Rolls-Royce chose the recent Concorso d’Eleganza at Villa d’Este on the shores of Lake Como, Italy, to unveil a special project that’s been four years in the making.
The Phantom-based ‘Sweptail’ was commissioned by a long-term Rolls-Royce customer, who wanted a modern car with elements of the classic coachbuilt cars of the 1920s and ’30s, as well as influences from luxury yachts.
The un-named customer, who has been described as a connoisseur and collector of distinctive one-off items, came to Rolls-Royce in 2013 requesting a coachbuilt special like those from the luxury carmaker’s past, but built on the latest Phantom platform.
"Sweptail is the automotive equivalent of Haute Couture," says Giles Taylor, Director of Design at Rolls-Royce Motor Cars.
"It is a Rolls-Royce designed and hand-tailored to fit a specific customer. This customer came to the House of Rolls-Royce with an idea, shared in the creative process where we advised him on his cloth, and then we tailored that cloth to him. You might say we cut the cloth for the suit of clothes that he will be judged by."
The customer had his own ideas on the design and features, including two-seat configuration, fastback-style profile and a glass roof.
In terms of past inspiration, the design team listed four specific Rolls-Royce models: the well-known 1925 ‘Round Door’ Phantom I originally created by Belgian coachbuilders Jonckheere; a 1934 Phantom II Streamline Saloon by Park Ward; 1934 Phantom II Two Door Light Saloon bodied by Gurney Nutting; and a 1934 20/25 Limousine Coupe by Park Ward.
Luxury yachts were also cited as influences, with elements like the rounded lower body edges mimicking the hull of a yacht.
"Our job was to guide, edit and finely hone the lines that would ultimately give our client this most perfect of Rolls-Royces," Taylor said.
While the Sweptail will remain a one-off, Rolls-Royce has stated they would be open to similar commissions from selected customers in the future.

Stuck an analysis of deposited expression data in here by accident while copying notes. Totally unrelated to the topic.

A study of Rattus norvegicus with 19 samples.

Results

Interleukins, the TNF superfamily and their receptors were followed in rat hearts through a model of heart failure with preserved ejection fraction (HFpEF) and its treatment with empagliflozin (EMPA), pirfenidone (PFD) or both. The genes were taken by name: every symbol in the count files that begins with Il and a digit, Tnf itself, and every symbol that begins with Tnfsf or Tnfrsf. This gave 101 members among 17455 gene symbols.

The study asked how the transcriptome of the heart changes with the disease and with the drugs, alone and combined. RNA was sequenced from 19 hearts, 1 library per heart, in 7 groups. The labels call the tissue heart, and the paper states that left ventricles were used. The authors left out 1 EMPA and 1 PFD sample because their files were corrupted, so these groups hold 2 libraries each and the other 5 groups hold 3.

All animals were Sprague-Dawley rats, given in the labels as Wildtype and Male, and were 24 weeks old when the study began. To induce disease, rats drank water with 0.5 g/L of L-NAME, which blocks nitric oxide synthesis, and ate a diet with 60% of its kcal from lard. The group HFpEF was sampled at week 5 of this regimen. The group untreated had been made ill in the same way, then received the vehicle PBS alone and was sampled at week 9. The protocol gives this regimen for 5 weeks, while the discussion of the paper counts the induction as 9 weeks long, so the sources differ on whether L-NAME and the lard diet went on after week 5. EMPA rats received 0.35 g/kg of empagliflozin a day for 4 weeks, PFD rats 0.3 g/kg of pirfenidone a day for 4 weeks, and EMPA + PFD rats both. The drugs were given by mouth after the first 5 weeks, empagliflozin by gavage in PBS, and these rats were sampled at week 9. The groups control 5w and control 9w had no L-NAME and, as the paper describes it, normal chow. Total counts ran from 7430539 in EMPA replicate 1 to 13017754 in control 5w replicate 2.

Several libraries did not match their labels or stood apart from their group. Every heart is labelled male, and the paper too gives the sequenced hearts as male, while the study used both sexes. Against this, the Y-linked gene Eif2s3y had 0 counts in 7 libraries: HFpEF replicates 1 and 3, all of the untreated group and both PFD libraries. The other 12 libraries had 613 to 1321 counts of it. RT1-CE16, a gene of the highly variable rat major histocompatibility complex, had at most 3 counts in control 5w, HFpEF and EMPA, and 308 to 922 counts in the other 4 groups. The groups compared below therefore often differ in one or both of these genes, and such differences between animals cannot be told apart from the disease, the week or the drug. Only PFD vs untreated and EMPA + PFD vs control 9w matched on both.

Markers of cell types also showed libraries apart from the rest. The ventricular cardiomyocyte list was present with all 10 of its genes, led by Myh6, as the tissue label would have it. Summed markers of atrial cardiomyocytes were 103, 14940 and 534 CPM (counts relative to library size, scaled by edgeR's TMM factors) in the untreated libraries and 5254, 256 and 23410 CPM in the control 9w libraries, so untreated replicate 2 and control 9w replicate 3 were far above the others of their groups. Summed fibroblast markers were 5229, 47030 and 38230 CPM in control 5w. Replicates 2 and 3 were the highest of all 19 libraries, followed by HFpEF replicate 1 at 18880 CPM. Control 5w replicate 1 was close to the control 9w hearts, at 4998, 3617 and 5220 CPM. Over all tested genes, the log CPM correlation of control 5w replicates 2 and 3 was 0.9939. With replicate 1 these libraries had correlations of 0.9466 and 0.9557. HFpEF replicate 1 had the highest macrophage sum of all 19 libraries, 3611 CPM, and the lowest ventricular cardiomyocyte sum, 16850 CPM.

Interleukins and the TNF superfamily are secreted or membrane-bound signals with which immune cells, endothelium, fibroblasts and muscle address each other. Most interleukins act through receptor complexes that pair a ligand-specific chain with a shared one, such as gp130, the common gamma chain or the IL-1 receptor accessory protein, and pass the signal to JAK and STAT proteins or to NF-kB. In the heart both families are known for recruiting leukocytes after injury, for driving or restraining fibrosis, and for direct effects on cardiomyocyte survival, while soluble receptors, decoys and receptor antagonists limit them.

The cost of the Sweptail has not been revealed, but is certainly in the millions, with one unconfirmed report suggesting it cost as much as AU$14.5 million.
Leading the way in the Sweptail’s design is the feature that gives it its name. The two-seat layout allows for a tapered roofline behind the passenger area that both slopes down and comes to a point, with larger side windows, extended window surrounds and a broad C-pillar. Below the waistline there’s an upswept treatment to the tail that’s said to evoke the look of racing yachts.
At the rearmost point of the roofline, a chrome-trimmed ‘bullet tip’ brake light has been added, while the regular brakelights are enclosed in a satin-finish loop that evokes the cross section of a boat hull, continuing the nautical theme.
At the front, the Sweptail features a new take on the marque’s signature grille. While still recognisably Rolls-Royce, the grille is much chunkier and claims to be the largest grille ever fitted to a modern Rolls-Royce. The grille itself was milled from a single aluminium block and hand-polished.
Flanking this are conventional R-R Phantom headlights and driving lights, but these are recessed in a remodelled front end that continues the ‘hull’ theme of the rear. All the bodywork “wraps” under the car, rather than being slab-sided.
The client’s specific request for a glass roof was met with a piece that Rolls-Royce says is the largest and most complex to ever to be fitted to a car. The rearmost section opens, with polished aluminium edging leads down to the bespoke bullet-tip brakelight.
Despite being undeniably luxurious, the Sweptail interior was defined by a philosophy of “simplicity and minimalism” according to Rolls-Royce.
Switchgear has been pared back or relocated, while special timbers have been used throughout, specifically Macassar Ebony and Paldao. The different nature of each timber’s finish has been designed to provide a visual and tactile contrast. In a Rolls-Royce first, the dash-mounted clock features a Macassar Ebony veneer face and titanium hands.
In the same vein, light Moccasin leather on the seats is contrasted with Dark Spice hide in other areas of the cabin.
The rear sheets have been replaced with a large timber shelf with metal luggage rails and an illuminated glass lip. The hat shelf above this is similarly finished and bisected by a feature called a ‘passarelle’ that carries the Sweptail name.
Situated in the bodywork aft of each door are removable panniers that carry bespoke carbon fibre and leather attaché cases, trimmed to match the rest of the interior.
A bespoke luggage set and custom-made gauges are other features, with the finishing touch being a centre console champagne chiller that deploys at the touch of a button.